After mixed fortunes in Monday's Chase opener at the Chicagoland Speedway, the 12 drivers in title contention look to the New Hampshire Motor Speedway for an opportunity to either continue their momentum or rebound from a frustrating result and jump-start their title hopes.


The result is that this weekend's 300-lapper at the New Hampshire Motor Speedway (Sun., 1 p.m. - ESPN) marks an important opportunity for all the title challengers. Stewart and the five drivers who followed him - Kevin Harvick (the new point leader), Dale Earnhardt Jr., Carl Edwards, Brad Keselowski, and Kurt Busch - will be looking to keep their momentum going on the flat 1.058-mile oval, a completely opposite track to the Chicagoland Speedway.

Ryan Newman and Jimmie Johnson both finished among the top-10, but they did so after running out of gas on the last lap and losing valuable positions and points. Newman won at Loudon in July, while Johnson finished fifth. A repeat performance for either could give Newman a jump start towards his first Sprint Cup championship or Johnson a run towards his sixth-straight title.

The other drivers are already in trouble. Matt Kenseth ran out of gas and actually crossed the line in 10th-place, but was penalized to 21st-place after being pushed for much of the last lap by J.J. Yeley. NASCAR rules have stated for years that drivers can not recieve a push while not under power on the last lap of the race. Gordon and Busch likewise ran out and were off the lead lap at the end. Kenseth has never run particularly well at flat tracks like Loudon, while Busch has had his struggles on the layouts. Gordon, meanwhile, was a late contender in July and has seemed at his best this year on flatter tracks like Phoenix - where he won in February - and Richmond, where he picked up a controversial second-place finish on September 10.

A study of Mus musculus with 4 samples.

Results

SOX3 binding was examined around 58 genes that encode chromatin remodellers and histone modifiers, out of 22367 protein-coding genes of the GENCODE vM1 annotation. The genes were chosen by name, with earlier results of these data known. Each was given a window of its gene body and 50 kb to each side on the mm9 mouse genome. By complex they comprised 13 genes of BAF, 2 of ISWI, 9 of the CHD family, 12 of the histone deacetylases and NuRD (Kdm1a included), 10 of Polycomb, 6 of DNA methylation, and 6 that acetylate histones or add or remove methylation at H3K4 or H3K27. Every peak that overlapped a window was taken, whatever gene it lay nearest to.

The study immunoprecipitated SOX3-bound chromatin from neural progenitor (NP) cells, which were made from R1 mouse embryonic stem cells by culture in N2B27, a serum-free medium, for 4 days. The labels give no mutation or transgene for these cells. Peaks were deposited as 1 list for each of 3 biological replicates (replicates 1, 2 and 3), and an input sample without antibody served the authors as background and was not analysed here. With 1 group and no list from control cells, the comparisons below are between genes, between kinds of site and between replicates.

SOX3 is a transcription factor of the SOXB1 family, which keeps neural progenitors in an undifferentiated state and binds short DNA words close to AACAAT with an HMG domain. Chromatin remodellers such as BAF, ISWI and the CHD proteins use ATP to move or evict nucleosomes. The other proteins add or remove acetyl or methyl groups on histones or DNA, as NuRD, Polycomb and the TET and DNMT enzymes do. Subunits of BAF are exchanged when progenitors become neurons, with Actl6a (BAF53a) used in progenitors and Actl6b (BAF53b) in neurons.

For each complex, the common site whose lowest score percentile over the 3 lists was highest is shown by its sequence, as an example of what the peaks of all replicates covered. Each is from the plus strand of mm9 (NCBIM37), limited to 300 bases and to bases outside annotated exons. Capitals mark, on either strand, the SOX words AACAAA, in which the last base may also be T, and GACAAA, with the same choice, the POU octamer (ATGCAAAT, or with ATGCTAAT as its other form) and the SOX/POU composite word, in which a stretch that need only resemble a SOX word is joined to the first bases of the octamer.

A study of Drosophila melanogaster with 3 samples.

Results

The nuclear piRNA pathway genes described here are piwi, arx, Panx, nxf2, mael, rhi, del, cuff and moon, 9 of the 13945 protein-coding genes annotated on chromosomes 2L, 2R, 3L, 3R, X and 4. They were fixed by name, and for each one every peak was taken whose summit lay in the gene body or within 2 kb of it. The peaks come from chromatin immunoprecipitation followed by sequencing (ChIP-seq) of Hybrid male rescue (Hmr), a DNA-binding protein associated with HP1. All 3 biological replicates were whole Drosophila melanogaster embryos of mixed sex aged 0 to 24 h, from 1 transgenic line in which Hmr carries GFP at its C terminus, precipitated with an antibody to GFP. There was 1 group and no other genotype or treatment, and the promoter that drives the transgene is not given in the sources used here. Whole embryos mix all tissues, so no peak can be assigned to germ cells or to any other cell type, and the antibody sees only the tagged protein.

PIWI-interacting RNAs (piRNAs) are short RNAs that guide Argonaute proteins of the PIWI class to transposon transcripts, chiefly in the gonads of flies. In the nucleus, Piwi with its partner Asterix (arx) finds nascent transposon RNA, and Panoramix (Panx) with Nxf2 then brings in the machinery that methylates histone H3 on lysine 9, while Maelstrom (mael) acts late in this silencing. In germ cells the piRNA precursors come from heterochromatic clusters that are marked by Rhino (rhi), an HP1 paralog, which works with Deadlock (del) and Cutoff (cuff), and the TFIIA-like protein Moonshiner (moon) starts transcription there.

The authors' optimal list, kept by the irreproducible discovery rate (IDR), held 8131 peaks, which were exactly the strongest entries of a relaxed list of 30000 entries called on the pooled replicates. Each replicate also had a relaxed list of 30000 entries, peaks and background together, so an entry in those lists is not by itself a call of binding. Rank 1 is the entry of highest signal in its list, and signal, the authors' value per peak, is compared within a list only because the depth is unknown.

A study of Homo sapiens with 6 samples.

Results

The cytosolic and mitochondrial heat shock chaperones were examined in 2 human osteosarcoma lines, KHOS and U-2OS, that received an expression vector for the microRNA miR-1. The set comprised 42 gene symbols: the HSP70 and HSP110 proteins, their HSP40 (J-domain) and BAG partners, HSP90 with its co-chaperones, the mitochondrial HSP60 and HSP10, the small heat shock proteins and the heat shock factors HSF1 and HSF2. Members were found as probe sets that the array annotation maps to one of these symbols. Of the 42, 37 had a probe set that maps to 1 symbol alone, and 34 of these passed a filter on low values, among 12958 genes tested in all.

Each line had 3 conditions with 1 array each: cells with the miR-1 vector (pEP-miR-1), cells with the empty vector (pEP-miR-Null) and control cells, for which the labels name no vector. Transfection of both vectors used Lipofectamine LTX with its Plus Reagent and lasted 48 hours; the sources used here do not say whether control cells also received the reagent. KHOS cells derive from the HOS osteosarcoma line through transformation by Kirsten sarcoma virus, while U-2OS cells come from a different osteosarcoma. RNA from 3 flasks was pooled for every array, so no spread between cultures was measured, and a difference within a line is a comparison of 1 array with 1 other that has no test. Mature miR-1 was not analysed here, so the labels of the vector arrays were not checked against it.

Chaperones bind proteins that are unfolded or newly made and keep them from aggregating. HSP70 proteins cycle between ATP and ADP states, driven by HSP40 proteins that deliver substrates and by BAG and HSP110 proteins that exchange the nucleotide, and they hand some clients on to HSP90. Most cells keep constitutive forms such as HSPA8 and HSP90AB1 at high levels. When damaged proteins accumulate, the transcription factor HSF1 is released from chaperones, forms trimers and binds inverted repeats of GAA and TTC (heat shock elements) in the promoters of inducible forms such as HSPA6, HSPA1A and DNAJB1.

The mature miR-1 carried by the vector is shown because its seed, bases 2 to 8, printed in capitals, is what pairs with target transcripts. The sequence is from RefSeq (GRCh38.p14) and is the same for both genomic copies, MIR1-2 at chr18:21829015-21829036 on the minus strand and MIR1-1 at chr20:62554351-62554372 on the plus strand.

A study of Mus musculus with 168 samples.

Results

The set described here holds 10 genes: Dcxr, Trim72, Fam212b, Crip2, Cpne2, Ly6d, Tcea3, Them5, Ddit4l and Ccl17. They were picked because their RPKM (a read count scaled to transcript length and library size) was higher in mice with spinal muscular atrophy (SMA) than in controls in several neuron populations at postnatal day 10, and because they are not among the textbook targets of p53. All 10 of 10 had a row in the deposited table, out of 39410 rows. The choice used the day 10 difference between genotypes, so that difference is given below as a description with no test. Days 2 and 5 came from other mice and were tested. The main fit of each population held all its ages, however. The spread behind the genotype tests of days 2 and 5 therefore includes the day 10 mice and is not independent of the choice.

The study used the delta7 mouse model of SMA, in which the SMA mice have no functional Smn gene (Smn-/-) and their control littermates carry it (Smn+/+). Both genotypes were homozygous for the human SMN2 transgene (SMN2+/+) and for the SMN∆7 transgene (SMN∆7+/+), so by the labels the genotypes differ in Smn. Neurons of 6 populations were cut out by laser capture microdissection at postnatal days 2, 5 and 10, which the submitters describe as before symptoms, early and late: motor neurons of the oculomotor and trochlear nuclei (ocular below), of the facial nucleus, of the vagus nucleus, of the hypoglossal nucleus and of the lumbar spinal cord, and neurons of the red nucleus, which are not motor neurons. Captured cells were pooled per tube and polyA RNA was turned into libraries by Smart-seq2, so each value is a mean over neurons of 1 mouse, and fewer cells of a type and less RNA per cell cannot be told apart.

The 12th driver may already be out of the title hunt altogether, regardless of whether or not he continues his trend of strong runs at Loudon. Denny Hamlin started 27th and failed to progress through the field before being forced to pit road with a loose wheel. The miscue dropped him two laps down, a defecit from which he never recovered. He finally suffered a flat left-front tire after contact with Greg Biffle on a late restart and was left with a miserable 31st-place result. A year after leading the series with eight wins and leading the point standings into the last race of the year, Hamlin needs more than a couple of small miracles to have any shot of getting back into the title fight.

Photographs by coka_koehler used in background montage under Creative Commons. Thank you.